Walmart today is announcing an expansion of its online grocery shopping service with launches in eight additional markets, as well as plans for a continued rollout to several more regions in the months ahead. The news comes at a time when a number of startups and larger companies, including Amazon, are vying to become consumers’ preferred online grocery delivery service.
Meanwhile, Walmart has largely been pursuing a different strategy with prior tests of online grocery shopping combined with a local pickup option at a small handful of stores around the U.S.
Walmart believes that its competitive advantage in the online grocery shopping space comes from the retailer’s sizable brick-and-mortar footprint here in the U.S. where seventy percent of the population lives within 5 miles of a Walmart store.
In addition, by choosing to focus on local pickup instead of delivery, there’s a cost savings for consumers. That’s because some delivery services generate revenue by either marking up the price of items being delivered, or they charge a delivery fee, and they tend to require a yearly subscription fee, as well.
For example, Amazon has been testing AmazonFresh grocery delivery in Seattle, New York (Brooklyn), Philadelphia, plus Northern and Southern California. But Amazon’s service will have a $299 annual fee, though the deadline to subscribe has been pushed back repeatedly (which may indicate pricing could be a concern). At the same time, Amazon has muddied the waters by expanding its grocery delivery options though its one-hour delivery service Prime Now – including in some of the same markets where AmazonFresh is live.
Walmart, on the other hand, has been testing both online grocery delivery and local pickup at a number of stores. It tried delivery in Denver and San Jose, but has seemed to favor local pickup as that service has been the one to expand over the course of 2015.
Over A Dozen Markets Now Live
Prior to today, local pickup was live in five markets, including San Jose, California; Bentonville, Arkansas; Phoenix, Arizona; Denver, Colorado; and more recently, Huntsville, Alabama.
As of now, Walmart is announcing a slew of new markets are going live with online grocery shopping. These include: Atlanta, Georgia; Charlotte and Fayetteville, N.C.; Salt Lake City and Ogden, Utah; Nashville, Tennessee; Tucson, Arizona; and Colorado Springs, Colorado. Customers in these regions can begin filling their online carts today, but pickup itself begins October 13.
In addition, the retailer says the plan is to roll out online grocery shopping to even more stores and regions in the weeks ahead, but is not sharing details.
The choice of cities is somewhat interesting, too. (Ogden?!) While grocery delivery competitors often focus on denser, urban markets, Walmart is choosing good-sized cities, some with millions of households, but also those that are being passed over by grocery delivery providers. That speaks to there being something more of a “secret sauce” that Walmart is looking for in terms of its customer demographics.
On that front, it seems important to point out that the new service is seeing more women than men shopping for groceries online, as well as a mix of loyal Walmart shoppers combined with new customers.
“The majority of what we see coming and the focus of the Walmart customer base is largely women – that’s what we a lot of. We see a lot of women with kids in car seats, who are moving from place to place throughout the day,” explains Michael Bender, EVP and COO, Walmart Global e-commerce.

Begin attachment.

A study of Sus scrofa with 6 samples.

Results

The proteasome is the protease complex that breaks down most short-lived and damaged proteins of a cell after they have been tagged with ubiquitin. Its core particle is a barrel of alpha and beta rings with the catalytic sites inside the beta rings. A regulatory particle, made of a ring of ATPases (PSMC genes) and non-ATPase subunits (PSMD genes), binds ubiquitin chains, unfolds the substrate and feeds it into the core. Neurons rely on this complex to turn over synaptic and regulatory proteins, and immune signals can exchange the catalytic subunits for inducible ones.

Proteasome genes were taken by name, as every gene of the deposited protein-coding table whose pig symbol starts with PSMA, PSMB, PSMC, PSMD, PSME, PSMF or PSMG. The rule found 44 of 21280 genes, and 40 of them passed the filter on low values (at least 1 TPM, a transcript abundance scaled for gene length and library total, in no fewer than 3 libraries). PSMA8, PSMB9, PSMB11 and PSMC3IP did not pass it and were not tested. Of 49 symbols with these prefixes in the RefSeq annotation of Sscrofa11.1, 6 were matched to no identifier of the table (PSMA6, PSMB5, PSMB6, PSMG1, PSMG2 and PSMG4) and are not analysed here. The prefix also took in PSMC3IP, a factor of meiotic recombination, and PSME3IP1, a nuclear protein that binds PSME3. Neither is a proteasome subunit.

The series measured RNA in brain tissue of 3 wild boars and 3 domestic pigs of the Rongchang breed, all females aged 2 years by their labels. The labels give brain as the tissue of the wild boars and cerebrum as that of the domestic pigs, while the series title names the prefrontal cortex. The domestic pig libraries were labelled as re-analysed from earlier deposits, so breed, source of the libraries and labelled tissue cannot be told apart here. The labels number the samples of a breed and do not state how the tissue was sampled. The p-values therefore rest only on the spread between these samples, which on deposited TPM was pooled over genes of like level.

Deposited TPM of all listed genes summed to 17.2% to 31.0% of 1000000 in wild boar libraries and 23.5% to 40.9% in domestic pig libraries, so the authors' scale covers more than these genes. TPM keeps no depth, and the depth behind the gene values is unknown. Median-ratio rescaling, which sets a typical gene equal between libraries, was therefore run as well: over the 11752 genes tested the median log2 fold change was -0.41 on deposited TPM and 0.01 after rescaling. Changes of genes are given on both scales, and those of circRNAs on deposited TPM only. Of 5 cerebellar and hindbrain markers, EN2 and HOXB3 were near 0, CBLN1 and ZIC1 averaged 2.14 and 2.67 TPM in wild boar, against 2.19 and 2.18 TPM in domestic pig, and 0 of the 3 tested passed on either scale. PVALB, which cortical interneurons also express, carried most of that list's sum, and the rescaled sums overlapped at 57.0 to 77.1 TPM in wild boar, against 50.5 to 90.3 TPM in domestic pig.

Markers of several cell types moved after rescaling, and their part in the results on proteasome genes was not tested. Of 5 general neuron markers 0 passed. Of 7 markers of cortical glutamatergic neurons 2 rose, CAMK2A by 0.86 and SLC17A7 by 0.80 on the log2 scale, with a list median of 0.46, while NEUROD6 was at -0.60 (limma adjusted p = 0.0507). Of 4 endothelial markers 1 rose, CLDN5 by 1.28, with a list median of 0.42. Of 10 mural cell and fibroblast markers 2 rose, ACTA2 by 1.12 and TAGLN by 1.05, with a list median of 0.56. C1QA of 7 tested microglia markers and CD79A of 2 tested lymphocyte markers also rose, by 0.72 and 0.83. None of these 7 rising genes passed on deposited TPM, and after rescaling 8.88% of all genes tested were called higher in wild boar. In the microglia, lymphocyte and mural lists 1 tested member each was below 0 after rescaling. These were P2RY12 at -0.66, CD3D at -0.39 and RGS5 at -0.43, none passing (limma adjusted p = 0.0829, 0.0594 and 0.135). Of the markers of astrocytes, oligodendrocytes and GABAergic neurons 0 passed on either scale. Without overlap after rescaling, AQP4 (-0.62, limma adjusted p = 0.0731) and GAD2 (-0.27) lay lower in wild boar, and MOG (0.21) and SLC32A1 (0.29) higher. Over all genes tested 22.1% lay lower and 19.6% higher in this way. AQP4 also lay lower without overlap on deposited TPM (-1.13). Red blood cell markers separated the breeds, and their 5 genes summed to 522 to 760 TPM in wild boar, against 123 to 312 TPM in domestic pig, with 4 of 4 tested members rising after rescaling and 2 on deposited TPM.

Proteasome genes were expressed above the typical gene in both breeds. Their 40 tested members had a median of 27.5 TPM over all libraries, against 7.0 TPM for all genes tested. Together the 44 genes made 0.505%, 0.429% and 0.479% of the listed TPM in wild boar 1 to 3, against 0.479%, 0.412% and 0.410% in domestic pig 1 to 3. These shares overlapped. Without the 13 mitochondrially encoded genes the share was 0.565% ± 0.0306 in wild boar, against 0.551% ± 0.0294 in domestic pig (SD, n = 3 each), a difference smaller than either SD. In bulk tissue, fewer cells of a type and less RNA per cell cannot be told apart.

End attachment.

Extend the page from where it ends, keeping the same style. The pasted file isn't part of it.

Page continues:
How Walmart’s Online Grocery Shopping Works
The way the grocery shopping service works involves a combination of online and offline interactions between the customer and the retailer. Customers shop online via the Walmart website, adding items to their cart – which they can even save throughout the week as they build their order if they choose.
There are around 30,000 SKUs available, which is comparable to what you’d find in the store. The majority are grocery items, though there is also a limited selection of general merchandise available, too. The prices are the same as they are in the store, and there’s no fee for using the service. However, unlike when you shop in store, coupons are not accepted.
When the order is complete, the customer pays online, then sets their pickup time frame. When that time arrives, they drive to their local Walmart store and park in a designated space reserved for online grocery shoppers located either in the front or side of the store. After parking, they call the store at a number provided both via their original confirmation email, and again through a reminder call a few minutes ahead of their pickup time.
A store associate will then bring out a cart filled with their groceries, including the fresh and frozen items which had been picked and stored separately in coolers and freezers in the back of the store in advance of the customer’s arrival.
Bender confirms that the retailer is increasing headcount by hiring full-time “personal shoppers” who handle picking the customers’ orders. Over time, the technology will become more personalized to each customer, he says, by allowing grocery shoppers to make specific requests – like asking for a particular ripeness to a fruit, for example.
The exec also notes that with each subsequent launch of online grocery shopping, customer adoption has accelerated faster than in the previous market, indicating growing consumer interest in this service. However, the retailer declined to talk about adoption numbers, transaction volume or other specific metrics.
The strategy of focusing on pickups is not unique to Walmart, but something many brick-and-mortar retailers are considering in order to compete with the growing number of delivery services. For example, Target and Best Buy are testing local pickup in partnership with Curbside. Meanwhile, a number major U.S. retailers have offered in-store pickup and ship-to-store programs for years.